Networking for Social Action

Although networking is commonly thought of primarily as a tool for bringing in business and finding a job, social activists, politicians and not-for-profit organizations focused on humanitarian efforts have always had networking at the core of their existence.

Networking satisfies a basic human need to feel a sense of belonging, to be part of something bigger than ourselves, to have a venue for contributing to others and to experience the satisfaction of making a difference. These basic human needs are all addressed with the true spirit of networking which is about building relationships to create value. This makes networking and social action natural, powerful partners.

In the past people with this type of mission, calling and passion have had to be vigilant in finding ways to connect with other individuals and groups where they could partner and combine resources to fulfill their visions. Now the internet is providing easy access and information that can make it so much easier for people to find ways to connect, communicate and make a difference. You have a global network of like-minded enthusiasts available to connect, share resources and influence the quality of life and future of our planet.

If used for a greater good, technology could turn out to be the critical factor that brings people together universally and globally to resolve and accept our differences bring us together with a great sense of being a global community.

Here are ten ways to utilize the internet to network and make a difference in the world:

1. Clearly identify your passion, desire and arena in which you desire to make a difference. You may choose to volunteer in an area that best utilizes a skill/talent that you already developed or you may choose to do something that requires something new of you and gives you a certain amount of adventure, variety and/or balance in life. Ask yourself what you feel is totally unacceptable in the world. What touches your heart? What do you feel passionate about?

2. Search for sites and organizations that are aligned with the focus of your social action. Go to a search engine such as Google.com and enter the keywords that represent the type of project/cause that you desire to support. Through the process of reviewing sites representing your chosen cause you will find information that can assist you in further defining how you want to get involved. Other sites available to assist you in your search for suitable organizations for your interest include
Idealist.org and GuideStar.org.

3. Sign up for appropriate online communities, blogs and usergroups. Once you find groups of like-minded people on the internet you can begin to participate. As Scott Allen recommends, take it slow and easy. Pick one or two groups to being with and begin by reviewing the information that people are displaying and the discussions that are in progress. Take time to see how people are responding, whether people are responding (are participants active), to find out if the discussions are in sync with topics and ideas that appeal to you. Once you have a clear sense of the alignment that you have with the people and focus of the site, then is a good time to “stick your toe in the water” by adding your comments and questions.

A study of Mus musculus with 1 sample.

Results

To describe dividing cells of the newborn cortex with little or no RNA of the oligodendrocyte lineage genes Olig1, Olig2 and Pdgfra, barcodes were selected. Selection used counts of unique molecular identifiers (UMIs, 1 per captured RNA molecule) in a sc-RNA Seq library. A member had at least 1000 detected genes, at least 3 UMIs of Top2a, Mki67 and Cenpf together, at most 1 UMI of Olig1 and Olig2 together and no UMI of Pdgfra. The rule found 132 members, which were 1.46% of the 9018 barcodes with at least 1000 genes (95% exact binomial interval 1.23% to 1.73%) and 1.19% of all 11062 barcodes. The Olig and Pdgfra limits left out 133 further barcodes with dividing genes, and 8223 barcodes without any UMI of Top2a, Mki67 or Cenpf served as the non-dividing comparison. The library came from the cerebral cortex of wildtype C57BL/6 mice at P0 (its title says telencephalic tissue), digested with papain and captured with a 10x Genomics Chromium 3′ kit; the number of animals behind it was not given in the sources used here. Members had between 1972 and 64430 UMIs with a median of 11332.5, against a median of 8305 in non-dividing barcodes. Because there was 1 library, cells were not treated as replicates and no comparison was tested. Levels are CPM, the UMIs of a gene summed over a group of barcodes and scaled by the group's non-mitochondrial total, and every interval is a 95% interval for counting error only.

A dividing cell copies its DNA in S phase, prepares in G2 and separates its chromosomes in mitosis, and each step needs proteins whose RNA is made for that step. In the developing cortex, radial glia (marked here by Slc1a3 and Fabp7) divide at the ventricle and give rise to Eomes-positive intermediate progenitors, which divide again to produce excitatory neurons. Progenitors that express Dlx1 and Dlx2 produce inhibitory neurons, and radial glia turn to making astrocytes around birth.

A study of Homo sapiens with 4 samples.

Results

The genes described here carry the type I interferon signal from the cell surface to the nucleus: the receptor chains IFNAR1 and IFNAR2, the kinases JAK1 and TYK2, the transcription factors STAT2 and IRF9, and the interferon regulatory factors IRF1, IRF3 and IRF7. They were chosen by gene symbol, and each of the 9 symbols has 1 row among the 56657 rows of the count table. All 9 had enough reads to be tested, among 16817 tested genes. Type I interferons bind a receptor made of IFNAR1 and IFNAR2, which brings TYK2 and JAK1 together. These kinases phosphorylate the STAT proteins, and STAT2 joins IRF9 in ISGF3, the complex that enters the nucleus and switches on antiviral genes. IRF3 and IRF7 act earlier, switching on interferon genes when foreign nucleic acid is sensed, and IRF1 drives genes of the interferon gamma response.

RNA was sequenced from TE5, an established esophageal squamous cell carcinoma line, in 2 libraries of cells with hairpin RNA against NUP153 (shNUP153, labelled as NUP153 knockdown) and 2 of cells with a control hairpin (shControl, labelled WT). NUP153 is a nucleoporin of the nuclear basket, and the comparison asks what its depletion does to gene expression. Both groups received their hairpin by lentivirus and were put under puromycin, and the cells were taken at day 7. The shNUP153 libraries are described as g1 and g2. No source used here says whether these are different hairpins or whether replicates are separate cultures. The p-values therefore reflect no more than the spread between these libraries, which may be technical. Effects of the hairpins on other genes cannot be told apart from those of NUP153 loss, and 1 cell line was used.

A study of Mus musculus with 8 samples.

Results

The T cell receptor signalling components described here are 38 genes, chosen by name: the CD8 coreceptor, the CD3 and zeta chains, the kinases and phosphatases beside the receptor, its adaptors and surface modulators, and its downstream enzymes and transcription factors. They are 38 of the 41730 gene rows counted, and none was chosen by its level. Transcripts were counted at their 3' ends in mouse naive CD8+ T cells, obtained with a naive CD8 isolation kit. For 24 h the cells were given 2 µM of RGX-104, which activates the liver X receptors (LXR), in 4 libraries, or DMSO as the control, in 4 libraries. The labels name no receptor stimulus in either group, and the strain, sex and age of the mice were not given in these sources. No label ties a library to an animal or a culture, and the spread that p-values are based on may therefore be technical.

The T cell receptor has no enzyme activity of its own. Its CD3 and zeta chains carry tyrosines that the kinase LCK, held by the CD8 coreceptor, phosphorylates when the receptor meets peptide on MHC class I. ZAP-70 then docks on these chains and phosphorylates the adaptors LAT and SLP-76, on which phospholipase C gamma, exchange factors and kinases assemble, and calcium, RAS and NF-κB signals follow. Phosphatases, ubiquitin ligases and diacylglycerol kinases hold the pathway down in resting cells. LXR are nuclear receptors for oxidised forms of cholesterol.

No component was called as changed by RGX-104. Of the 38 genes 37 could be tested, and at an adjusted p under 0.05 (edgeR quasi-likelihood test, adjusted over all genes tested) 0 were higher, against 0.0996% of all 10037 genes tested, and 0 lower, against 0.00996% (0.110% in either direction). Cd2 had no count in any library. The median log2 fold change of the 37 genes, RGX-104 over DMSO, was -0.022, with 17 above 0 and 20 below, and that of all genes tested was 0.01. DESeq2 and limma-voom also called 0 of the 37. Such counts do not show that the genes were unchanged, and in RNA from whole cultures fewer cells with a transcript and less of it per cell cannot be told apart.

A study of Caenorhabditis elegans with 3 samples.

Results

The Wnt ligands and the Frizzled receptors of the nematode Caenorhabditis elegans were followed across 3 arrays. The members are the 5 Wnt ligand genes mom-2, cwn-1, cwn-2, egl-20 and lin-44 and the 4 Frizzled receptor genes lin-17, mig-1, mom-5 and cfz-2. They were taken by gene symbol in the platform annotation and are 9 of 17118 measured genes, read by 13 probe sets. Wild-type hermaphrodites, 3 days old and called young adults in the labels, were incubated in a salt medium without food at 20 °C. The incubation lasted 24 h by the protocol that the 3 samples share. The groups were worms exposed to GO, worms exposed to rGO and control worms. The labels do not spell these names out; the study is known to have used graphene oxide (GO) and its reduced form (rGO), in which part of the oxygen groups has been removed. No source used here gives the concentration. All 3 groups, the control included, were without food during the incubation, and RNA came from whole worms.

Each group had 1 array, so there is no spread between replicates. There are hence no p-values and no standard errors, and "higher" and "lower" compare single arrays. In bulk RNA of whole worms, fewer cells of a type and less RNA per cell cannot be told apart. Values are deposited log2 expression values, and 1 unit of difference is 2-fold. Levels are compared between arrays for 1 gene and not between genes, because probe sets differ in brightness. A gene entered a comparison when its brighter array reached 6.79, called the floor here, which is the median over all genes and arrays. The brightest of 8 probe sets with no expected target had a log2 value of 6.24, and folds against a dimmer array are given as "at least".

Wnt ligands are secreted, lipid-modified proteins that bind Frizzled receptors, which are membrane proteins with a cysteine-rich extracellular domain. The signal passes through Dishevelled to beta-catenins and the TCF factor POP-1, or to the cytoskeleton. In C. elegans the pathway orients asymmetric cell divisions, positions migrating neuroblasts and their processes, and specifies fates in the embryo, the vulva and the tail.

4. Research various projects that you might consider supporting. Read about the organizations you are interested in and also network with the people you know. Ask the people that you know and respect for their experiences and suggestions. Find out what types of causes, organizations and project people whom you know and respect are supporting. Ask them for their opinion about projects that you are considering.

5. Send emails requesting information regarding activities, events and projects. Ask for information. Gather information by requesting the information you need to make the best choices regarding your volunteer interests.

6. Send emails making requests for what you need to fulfill your projects. Utilize your own network of contacts to get others involved and get the help that you need to support your volunteer projects. Sometimes people are just waiting to be asked. Even people who would not typically volunteer their time or services may find themselves interested when someone else shows an interest in their participation.

7. Send emails offering your support and services. Let people know what you have to offer and how you want to contribute.

8. Send emails letting others know about opportunities that people can support. Pass along information to others in your network about events and opportunities. You never know when someone you know may be interested in getting involved in some social cause and you may be the stepping stone for them.

9. Create your own website promoting your cause and giving people a way to connect. The web is an easy platform for business, personal issues and social causes. If you have a personal website, be sure to include information about your involvement in social cause. Provide links to sites that give more information about the social cause that you support.

10. Create links on your website to other sites that further social action. On my business website, www.DonnaFisher.com, I have a Links page that includes business links, friend’s link and links of organizations that I believe in that are doing social good.